With the minor league season officially wrapped up, it’s time to look back at the each organization’s top tools. Note: only everyday players with 250+ plate appearances, starting pitchers with 80+ innings, and relievers with 40+ innings were considered. For more Top MiLB Tools click here.
Hit Tool: Ji-Man Choi, 1B
Power: Julio Morban, OF
Eye: Ty Kelly, 2B
Base Stealer: Chris Taylor
K-Ability: Taijuan Walker, RHP
Control: Victor Sanchez, RHP
[/pullquote] Best Hit Tool: In the argument for MiLB breakout player of the year, first baseman Ji-Man Choi hit .295/.394/.535 across three levels this season. Choi, a converted catcher who missed all of 2011, owns a career .309/.411/.511 triple-slash line.
Best Power: Outfielder Julio Morban has all the tools, including above-average to plus-power potential, but it remains to be seen if he can stay on the field long enough. Morban, who’s totaled the equivalent of one full MLB season over the last two years, slugged 20 doubles, five triples, and seven homeruns with Jackson in 2013. He owns a career .463 SLG and should develop into 25+ homerun territory.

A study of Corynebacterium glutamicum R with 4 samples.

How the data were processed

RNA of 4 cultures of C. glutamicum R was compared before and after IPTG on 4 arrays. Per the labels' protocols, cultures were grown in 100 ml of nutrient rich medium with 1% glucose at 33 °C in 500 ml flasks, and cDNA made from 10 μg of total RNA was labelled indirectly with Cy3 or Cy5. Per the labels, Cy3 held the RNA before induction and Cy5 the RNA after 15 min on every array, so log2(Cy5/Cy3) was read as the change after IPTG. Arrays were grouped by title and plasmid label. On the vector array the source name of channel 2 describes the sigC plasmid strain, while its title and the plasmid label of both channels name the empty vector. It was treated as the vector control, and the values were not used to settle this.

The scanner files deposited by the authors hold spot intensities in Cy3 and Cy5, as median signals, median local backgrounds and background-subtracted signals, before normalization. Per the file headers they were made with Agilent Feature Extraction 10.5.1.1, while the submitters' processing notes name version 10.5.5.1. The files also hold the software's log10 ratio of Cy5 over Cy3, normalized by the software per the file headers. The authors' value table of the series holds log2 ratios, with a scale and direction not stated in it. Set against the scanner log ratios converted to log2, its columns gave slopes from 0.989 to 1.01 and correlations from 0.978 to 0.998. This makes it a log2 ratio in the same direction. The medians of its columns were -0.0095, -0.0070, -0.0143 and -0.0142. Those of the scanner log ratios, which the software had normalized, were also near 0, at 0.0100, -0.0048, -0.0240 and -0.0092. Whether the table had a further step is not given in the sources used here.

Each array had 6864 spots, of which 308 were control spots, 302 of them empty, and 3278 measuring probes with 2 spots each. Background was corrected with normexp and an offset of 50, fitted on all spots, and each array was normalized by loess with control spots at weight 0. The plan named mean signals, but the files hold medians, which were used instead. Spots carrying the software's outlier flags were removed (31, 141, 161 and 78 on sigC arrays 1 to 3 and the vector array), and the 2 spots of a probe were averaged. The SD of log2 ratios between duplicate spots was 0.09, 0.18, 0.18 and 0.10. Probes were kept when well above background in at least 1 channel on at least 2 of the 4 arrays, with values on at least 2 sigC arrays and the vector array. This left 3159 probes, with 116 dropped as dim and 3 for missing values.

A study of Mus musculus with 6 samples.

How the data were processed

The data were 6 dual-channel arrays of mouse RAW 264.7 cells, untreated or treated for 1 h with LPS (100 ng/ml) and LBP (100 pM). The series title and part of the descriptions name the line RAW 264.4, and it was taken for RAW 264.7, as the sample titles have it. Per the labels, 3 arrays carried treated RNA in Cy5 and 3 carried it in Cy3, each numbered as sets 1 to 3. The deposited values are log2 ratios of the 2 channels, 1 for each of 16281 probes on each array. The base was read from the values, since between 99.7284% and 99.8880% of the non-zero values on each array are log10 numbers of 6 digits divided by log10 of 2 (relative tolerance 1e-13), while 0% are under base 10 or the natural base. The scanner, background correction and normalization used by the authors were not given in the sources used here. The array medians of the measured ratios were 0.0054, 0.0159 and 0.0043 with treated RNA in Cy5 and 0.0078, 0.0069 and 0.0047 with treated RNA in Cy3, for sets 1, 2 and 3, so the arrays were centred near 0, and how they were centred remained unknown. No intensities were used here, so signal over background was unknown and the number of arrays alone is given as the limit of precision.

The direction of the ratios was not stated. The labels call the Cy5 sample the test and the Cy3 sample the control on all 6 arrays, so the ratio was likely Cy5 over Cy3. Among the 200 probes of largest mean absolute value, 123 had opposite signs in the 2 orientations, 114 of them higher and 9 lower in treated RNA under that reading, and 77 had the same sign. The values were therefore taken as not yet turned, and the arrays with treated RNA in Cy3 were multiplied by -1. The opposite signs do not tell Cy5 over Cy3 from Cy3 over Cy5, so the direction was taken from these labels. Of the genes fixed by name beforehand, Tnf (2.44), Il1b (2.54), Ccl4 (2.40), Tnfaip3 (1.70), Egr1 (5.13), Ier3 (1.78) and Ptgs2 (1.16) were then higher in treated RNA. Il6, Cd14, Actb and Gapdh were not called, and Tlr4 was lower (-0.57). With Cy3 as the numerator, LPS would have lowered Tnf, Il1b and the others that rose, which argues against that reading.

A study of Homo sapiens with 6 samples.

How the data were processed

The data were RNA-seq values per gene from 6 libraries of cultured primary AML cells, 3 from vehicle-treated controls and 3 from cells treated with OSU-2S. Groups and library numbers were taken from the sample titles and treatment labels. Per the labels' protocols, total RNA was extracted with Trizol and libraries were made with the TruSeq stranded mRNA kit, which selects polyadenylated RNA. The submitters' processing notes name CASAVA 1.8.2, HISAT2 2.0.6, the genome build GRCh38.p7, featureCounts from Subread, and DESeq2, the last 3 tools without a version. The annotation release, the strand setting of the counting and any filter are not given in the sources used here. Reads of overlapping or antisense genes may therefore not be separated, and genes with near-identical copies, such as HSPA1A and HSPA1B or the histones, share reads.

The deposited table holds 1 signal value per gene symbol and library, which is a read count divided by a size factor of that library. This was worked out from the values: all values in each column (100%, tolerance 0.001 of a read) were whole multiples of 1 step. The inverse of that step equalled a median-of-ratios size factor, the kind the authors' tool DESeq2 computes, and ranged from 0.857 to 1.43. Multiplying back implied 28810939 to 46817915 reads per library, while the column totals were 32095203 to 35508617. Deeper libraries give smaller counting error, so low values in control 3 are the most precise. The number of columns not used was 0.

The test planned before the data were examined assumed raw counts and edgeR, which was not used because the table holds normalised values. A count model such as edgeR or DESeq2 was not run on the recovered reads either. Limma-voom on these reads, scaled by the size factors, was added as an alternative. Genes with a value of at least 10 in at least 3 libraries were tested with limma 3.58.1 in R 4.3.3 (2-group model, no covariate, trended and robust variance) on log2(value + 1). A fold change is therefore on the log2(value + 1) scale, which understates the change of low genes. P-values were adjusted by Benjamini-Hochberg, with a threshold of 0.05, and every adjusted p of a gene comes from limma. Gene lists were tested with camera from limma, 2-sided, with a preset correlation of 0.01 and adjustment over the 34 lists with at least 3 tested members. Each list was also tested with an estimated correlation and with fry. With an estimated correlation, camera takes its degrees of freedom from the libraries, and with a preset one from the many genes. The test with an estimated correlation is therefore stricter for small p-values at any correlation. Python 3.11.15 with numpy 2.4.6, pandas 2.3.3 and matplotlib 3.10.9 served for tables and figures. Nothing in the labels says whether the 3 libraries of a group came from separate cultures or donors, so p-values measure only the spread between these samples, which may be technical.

Best Plate Discipline: Picked up from Baltimore for outfielder Marcus Thames halfway through the season, infielder Ty Kelly owns an outstanding 13.8% career walk rate spanning parts of five minor league seasons. Kelly’s career triple-slash line: .287/.388/.381.
Best Base Stealer: After swiping 17 bags in 49 games during his debut last season, shortstop Chris Taylor stole 38 bags in 43 tries (88.4%) in 2013.
Best Ability to Miss Bats: Taijuan Walker belongs in the conversation of the top handful of pitching prospects in the game. Walker, who flashed a plus-fastball during his brief stint with the big league club in September, fanned 160 hitters in 141.1 innings split between Jackson and Tacoma and punched out just over 27% of the MiLB hitters he faced in 2013.
Best Control: Among the youngest players in the Midwest League, 18-year-old Victor Sanchez showed a surprising feel for the strike zone, averaging just 1.4 free passes every nine innings. The portly right-hander walked just 3.8% of the batters he faced this season.
Photo of Ji-Man Choi Courtesy of Paul R. Gierhart via MiLB.com.